Alexion appoints former Baxalta chief Hantson as CEO

Alexion has appointed former Baxalta chief Ludwig Hantson as its new CEO.

The Connecticut-based rare diseases drug firm is hoping to move on from a difficult period where it emerged that former executives pressed staff into using questionable techniques to boost sales.

Hantson replaces David Brennan, who was interim CEO after David Hallal, quit last December along with former chief finance officer Vikas Sinha after a whistleblower raised concerns about the sales practices.

Hantson is an obvious choice to lead Alexion after he stepped down as CEO of Baxalta following its $32 billion merger with Shire.


Baxalta was previously the rare diseases arm of Baxter, and spun off into a separate company in 2015. Hantson led Baxter BioScience as the unit’s president prior to the spin-off.

Aside from rebuilding the company’s reputation following the events of late last year, Alexion’s blockbuster lead drug, Soliris (eculizumab) faces competition in atypical haemolytic uremic syndrome (aHUS), with Omeros’ rival OMS721 entering late-stage development.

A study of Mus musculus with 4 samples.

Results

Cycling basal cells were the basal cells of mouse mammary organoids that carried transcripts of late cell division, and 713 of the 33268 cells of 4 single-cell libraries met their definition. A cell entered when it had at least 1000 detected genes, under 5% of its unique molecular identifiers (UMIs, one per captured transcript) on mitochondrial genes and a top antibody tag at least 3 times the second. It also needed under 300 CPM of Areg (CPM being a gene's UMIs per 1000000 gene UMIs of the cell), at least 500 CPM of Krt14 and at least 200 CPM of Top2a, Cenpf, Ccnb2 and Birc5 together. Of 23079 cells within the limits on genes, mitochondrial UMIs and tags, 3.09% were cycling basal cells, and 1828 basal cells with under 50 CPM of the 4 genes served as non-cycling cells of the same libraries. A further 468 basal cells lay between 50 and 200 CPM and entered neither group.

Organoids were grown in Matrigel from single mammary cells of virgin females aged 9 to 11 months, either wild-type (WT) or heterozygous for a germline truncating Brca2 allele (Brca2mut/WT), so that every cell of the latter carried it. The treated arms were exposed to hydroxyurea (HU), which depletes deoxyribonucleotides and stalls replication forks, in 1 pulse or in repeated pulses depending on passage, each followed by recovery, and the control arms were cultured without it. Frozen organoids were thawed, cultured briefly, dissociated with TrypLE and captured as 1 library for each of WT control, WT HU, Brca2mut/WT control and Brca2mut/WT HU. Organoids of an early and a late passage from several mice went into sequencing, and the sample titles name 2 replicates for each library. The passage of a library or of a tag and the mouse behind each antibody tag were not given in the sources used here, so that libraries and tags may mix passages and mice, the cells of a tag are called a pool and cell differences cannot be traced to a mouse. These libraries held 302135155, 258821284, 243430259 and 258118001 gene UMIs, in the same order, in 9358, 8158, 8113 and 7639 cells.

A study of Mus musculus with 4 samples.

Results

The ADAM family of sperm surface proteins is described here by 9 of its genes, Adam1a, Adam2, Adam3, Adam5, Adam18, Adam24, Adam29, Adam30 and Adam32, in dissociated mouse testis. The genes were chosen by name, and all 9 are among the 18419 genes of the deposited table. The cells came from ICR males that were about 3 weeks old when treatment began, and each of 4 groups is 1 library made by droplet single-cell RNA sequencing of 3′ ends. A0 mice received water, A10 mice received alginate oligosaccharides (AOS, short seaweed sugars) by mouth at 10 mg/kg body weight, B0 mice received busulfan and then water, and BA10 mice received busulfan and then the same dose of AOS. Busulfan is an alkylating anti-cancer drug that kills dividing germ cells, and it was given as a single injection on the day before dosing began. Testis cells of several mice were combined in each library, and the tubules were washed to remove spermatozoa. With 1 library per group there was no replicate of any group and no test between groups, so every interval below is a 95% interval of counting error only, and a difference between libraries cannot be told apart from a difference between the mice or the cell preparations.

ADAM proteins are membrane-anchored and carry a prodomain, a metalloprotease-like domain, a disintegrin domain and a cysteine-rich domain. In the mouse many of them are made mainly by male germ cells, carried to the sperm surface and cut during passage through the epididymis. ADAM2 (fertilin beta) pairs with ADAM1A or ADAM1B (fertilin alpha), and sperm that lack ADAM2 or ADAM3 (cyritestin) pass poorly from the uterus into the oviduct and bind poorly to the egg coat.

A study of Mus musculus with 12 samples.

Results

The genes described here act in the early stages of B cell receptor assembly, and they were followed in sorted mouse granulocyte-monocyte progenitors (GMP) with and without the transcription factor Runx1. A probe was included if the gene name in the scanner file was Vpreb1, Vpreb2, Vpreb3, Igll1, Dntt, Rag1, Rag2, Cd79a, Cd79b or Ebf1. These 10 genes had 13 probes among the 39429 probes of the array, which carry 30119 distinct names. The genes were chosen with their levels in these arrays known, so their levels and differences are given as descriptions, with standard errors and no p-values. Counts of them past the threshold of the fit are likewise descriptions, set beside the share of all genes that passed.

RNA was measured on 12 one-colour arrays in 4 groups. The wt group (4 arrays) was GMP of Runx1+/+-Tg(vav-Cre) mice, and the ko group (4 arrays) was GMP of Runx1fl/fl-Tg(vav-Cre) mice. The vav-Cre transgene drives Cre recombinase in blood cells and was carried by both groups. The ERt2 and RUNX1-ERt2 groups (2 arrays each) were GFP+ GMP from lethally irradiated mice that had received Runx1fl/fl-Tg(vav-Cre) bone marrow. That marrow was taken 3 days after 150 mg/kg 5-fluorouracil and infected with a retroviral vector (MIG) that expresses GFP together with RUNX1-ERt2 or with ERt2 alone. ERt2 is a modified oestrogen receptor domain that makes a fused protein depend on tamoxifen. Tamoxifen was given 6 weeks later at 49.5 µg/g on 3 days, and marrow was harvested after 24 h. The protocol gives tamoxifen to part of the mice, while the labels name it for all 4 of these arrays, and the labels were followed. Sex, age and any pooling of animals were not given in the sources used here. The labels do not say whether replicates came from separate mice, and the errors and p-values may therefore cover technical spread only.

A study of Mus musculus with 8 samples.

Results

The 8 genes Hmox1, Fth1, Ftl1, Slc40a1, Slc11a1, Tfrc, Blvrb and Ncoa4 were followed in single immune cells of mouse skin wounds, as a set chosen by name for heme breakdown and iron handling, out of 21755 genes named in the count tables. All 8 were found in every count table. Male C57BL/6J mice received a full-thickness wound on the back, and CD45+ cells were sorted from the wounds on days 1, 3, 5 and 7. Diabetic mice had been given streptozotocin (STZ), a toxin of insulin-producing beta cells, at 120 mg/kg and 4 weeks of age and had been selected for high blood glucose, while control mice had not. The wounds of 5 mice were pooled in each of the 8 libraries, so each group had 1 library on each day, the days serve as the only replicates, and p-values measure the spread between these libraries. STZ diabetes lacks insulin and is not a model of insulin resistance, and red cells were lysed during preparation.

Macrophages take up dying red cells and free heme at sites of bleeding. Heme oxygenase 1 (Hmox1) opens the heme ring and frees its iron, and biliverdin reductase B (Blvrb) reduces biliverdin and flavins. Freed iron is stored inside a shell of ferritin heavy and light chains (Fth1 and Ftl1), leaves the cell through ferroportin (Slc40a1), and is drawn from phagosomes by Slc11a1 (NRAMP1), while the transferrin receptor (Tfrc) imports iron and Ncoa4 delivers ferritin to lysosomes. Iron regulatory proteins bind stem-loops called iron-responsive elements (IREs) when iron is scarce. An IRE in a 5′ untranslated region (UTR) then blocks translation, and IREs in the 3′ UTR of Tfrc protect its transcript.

In the UK, the company has also struggled to get its drugs past NICE, which rejected its Kanuma for the rare disease metabolic disease, lysosomal acid lipase deficiency, and Strensiq for paediatric-onset phosphatasia.

On Hantson’s “to do list” is approval of Soliris in the muscle weakness disease refractory generalised myasthenia gravis, and developing Soliris in combination with ALXN1210 in relapsing neuromyelitis optica spectrum disorder – a rare nerve disease causing sudden loss of vision, loss of sensation and bladder function.

At the end of 2016, Alexion had to delay filing its Q3 results because of an investigation into allegations of financial irregularities made by a whistleblower.

An investigation found there was no need to restate the results as there was no evidence of sales practices that broke accountancy rules.

But sales staff were asked to encourage customers to place orders before patients actually needed them in order to make quarterly figures look better.

With the appointment of Hantson, former AstraZeneca chief David Brennan is expected to take over as chairman in May.